Sunday, 27 November 2016

Exploring 'Main Idea' in Art & Beyond

We have been looking at the concept of 'main idea' (aka THEME) primarily within the context of our narrative study. It is, for example, one of the questions on the reading comprehension assessment, the CASI.

But we have broadened our study of 'main idea' to include different narrative forms: yes, it is in written narratives. It is also in media narratives (like short films) and musicals (like the Little Mermaid production we went to see).

It is also in Art.

So far in visual arts, we have examined (most) of the elements of design: line, shape/form, texture, value/colour, and (soon) shape.

We have looked at how different aspects of these elements convey different feelings, moods and ideas.

We have also started to look at how those elements communicate in a 'silent language'. They are used by artists to communicate a 'main idea'/theme.

We have just started this examination! We are examining artistic works to see how those elements are used to convey an overall message. This will eventually result in an art analysis paragraph.

We are also, as artists ourselves, exploring how we can use elements to convey an overall message.

In our geography curriculum, both Gr. 7 and 8 look at the preservation of natural resources and the issue of sustainability.

To practice creating a 'main idea' via artistic elements, I asked students to write their main idea on a stickee...and then try to match that main idea visually, in a drawing. Here are some of what the students created. (Take particular note of their choice/use of the art elements (especially line, shape/form, colour) to communicate their idea!)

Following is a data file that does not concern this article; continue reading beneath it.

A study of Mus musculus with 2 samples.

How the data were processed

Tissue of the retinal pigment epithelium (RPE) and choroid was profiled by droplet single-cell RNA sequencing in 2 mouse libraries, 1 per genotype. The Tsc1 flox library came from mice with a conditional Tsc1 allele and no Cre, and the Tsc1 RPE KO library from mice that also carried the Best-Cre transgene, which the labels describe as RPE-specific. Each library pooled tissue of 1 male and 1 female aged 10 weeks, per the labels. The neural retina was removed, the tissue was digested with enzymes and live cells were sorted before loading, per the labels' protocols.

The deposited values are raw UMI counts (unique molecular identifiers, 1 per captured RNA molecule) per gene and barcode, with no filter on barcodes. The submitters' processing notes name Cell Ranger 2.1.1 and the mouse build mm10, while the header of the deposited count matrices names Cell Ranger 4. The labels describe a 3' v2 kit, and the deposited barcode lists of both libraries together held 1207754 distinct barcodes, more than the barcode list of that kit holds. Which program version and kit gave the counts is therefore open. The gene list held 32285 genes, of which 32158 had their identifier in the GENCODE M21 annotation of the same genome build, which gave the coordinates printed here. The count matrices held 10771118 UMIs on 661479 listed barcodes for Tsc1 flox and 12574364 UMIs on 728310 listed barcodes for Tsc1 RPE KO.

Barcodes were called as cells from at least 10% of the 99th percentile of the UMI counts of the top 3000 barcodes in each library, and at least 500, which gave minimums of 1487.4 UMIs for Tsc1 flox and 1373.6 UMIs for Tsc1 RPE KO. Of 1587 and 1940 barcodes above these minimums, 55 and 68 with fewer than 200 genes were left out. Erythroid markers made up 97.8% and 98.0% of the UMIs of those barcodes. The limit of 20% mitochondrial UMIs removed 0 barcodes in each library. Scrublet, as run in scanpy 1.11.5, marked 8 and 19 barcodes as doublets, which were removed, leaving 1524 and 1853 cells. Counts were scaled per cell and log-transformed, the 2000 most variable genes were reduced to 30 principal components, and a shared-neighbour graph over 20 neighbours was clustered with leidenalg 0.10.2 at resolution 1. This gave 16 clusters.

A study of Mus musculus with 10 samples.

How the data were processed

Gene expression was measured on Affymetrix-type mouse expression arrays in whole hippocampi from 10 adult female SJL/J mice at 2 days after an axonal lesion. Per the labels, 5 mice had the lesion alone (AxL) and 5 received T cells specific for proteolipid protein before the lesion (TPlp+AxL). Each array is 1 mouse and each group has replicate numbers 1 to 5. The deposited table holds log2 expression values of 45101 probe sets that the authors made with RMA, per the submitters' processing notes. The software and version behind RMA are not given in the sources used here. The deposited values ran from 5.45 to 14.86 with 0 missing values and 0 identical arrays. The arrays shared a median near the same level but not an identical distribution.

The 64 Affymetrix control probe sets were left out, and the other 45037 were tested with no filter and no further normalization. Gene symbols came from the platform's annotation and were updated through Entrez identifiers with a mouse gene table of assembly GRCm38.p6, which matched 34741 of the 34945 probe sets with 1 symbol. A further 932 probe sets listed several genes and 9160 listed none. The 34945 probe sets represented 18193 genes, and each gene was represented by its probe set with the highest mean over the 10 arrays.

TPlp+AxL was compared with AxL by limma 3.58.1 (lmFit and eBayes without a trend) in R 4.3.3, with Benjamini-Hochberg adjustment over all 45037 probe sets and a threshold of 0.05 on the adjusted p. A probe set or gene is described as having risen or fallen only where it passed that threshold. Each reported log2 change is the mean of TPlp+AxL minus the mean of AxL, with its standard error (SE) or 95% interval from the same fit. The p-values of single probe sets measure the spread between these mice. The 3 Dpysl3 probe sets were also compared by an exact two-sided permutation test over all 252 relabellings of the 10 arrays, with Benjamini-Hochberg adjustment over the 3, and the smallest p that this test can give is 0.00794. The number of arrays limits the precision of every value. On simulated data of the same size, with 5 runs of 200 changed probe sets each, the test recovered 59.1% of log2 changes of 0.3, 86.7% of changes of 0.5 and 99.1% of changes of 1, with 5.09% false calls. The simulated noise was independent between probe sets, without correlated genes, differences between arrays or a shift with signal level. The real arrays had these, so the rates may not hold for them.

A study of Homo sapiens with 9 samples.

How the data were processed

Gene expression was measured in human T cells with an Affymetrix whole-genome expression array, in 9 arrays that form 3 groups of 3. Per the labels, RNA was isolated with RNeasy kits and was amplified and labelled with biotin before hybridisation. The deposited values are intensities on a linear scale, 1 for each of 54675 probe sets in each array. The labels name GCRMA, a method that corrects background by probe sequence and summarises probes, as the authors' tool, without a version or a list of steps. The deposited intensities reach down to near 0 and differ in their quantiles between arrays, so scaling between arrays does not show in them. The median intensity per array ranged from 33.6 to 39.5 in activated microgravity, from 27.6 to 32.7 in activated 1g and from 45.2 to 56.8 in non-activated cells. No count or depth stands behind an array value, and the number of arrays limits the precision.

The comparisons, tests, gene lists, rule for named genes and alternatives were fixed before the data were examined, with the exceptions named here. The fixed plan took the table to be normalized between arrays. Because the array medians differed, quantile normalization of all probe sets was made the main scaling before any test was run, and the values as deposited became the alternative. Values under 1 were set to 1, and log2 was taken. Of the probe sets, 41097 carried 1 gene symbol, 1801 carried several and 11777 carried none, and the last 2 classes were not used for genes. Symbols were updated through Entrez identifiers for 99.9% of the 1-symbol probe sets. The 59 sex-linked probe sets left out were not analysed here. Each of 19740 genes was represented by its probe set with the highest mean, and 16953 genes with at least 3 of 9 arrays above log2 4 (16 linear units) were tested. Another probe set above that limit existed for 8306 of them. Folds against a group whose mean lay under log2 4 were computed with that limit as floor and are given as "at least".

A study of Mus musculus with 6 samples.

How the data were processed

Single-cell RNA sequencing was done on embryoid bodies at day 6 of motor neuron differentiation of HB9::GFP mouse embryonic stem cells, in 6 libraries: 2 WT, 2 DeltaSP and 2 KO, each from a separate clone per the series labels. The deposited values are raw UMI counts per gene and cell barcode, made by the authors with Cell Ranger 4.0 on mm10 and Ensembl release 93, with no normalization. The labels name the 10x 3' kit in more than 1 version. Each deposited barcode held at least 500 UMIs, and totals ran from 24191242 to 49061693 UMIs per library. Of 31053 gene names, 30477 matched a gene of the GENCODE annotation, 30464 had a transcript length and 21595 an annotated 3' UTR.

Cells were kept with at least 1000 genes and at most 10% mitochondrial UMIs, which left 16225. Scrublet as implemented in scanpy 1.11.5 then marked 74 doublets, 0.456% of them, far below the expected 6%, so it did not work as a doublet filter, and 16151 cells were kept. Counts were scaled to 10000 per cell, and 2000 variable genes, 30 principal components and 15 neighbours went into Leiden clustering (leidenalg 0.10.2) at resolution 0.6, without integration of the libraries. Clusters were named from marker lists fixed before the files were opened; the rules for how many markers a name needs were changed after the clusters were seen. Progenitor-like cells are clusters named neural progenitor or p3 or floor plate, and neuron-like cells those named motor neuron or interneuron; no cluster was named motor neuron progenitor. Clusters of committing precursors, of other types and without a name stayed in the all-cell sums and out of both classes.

In another instance, I invited The Simcoe County Greenbelt Coalition in to give a talk about water and how human activities/choices impact this natural resource.

I then asked students to convey the main idea, or gist, of the presentation in a composed photograph, using found objects in the classroom/school. This was indeed a bit of a challenge!

Again, the results were very interesting! Make sure you read what they posted, as that is the message they were trying to convey visually.

You can see how creating art in this context pushes students to the highest levels of Bloom's Taxonomy.

We will continue to explore this interesting intersection of creativity, visual communication, and theme/message/main idea, across additional curriculum... all of which aids us in our ability to not just creators of messages but also critical and aware 'decoders' of messages.